With much of its budget locked in by federal and state mandates, the Arizona Department of Health Services would have to reduce crisis services and cut back on treatment for the mentally ill, substance abusers and sexually violent offenders in the state hospital if it had to chop 15 percent from its budget.

The department on Oct. 19 submitted a report to the Governor’s Office of Strategic Planning and Budgeting, outlining the impact of a 15 percent budget cut that would cost the agency about $68.7 million. Last month, Gov. Jan Brewer asked each state agency to submit such a report.

As one of the largest and most expensive state agencies – its general fund budget this year is about $458 million – the Department of Health Services put some major programs on the chopping block to reach its 15 percent goal. The largest chunk would a potential $29 million cut in behavioral health services, including services for 6,500 adult substance abusers, 12,900 adults with general mental health-related illnesses and 14,700 seriously mentally ill adults, according to the report.

The reductions would lead to scaled back inpatient, outpatient and residential treatment for those patients, as well as cutbacks in medication. The report stated that such a cut likely would result in the increased use of services such as emergency room visits, crisis services and uncompensated care at hospitals. Unlike many of the department’s other services, those things are not mandated by Title XIX of the Social Security Act.

“Non-Title XIX members who are currently stable as a result of services would potentially regress and require more intensive and expensive treatment, which may eventually qualify them for AHCCCS as a result of (the) spend-down,” according to the report. “Elimination of these services could cause additional court sanctions against the state in the ~Arnold v. Sarn~ lawsuit, since court orders require all (serious mental illness) members receive certain services regardless of Title XIX eligibility.”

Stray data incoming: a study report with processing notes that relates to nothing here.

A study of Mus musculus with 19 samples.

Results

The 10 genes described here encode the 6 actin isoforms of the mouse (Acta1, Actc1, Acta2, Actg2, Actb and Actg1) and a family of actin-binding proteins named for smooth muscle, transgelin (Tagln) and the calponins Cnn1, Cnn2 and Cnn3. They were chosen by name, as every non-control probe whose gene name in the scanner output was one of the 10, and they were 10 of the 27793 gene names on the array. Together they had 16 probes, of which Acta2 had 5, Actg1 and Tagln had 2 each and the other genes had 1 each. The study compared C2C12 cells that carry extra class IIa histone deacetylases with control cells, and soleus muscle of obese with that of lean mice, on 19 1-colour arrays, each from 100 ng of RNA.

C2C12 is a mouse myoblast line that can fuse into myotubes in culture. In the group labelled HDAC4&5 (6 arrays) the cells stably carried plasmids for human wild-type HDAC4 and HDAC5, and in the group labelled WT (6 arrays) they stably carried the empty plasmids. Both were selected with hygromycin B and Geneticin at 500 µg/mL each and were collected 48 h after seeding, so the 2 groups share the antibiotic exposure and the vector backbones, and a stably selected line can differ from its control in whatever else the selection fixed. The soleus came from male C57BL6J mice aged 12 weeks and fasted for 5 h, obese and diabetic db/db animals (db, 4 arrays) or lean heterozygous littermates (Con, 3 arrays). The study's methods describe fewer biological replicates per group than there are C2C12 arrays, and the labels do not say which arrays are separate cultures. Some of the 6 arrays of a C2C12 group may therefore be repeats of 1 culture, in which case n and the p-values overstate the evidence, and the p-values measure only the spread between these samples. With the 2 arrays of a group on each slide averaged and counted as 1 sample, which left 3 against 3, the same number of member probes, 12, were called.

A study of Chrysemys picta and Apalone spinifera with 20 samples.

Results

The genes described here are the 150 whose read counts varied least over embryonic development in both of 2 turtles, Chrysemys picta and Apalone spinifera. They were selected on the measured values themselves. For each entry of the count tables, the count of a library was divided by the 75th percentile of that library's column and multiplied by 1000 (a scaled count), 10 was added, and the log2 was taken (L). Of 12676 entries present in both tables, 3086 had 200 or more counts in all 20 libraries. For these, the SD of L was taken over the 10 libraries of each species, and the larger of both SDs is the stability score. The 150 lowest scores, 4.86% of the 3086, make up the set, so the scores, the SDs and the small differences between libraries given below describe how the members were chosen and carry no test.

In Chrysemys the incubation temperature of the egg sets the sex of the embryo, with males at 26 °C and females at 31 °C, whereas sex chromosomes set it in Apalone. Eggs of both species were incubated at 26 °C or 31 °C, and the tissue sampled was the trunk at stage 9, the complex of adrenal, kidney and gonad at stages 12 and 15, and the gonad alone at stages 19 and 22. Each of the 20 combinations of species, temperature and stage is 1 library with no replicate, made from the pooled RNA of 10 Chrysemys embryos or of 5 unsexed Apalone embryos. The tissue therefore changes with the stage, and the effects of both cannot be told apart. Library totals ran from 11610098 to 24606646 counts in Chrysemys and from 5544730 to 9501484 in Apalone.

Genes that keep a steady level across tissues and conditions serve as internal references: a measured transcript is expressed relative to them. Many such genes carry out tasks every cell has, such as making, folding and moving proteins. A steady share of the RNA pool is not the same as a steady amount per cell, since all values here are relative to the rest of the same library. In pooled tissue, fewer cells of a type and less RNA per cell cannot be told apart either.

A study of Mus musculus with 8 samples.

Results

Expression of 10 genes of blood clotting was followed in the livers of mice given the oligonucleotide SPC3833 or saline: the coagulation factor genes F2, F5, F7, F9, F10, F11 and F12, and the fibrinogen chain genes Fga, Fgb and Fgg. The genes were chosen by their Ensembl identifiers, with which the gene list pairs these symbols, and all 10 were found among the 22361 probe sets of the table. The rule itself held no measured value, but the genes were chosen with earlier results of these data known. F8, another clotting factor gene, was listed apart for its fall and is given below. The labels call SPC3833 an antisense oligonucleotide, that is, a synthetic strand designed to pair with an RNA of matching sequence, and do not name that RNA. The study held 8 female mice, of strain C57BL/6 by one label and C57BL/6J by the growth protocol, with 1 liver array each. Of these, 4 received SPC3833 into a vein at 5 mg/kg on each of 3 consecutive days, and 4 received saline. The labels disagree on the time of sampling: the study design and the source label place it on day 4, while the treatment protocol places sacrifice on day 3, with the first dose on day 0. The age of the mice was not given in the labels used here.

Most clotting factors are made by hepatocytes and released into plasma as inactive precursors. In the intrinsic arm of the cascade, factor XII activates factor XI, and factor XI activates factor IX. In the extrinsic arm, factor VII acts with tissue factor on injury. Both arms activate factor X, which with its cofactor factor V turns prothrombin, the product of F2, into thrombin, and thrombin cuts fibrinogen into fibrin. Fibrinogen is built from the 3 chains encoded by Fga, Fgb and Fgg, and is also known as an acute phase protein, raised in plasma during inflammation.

Another $17.3 million could be cut through the elimination of crisis phone lines and mobile teams, as well as 24-hour psychiatric care walk-in centers, according to the report, which indicated the phone lines get about 10,600 calls and the mobile teams respond to about 3,200 situations every month. Again, the agency reported that a reduction in those services would likely correspond with increased use of hospital emergency rooms.

A number of Title XIX services that are not required of the agency by the U.S. Centers for Medicare and Medicaid Services likely would be eliminated as well, including changing medication coverage to eliminate most non-generic medication, according to the report. The elimination of that service and several others would save roughly $12.2 million in the agency’s budget, though the report warned that every dollar taken from the programs would cost the state about three dollars in federal matching funds.

The agency also would look to shift the cost of treating violent sex offenders at the Arizona State Hospital to cities and towns, which already pay 25 percent of the cost of the Arizona Community Protection and Treatment Center. The report proposed shifting the remaining $7.4 million for the secure facility to local governments.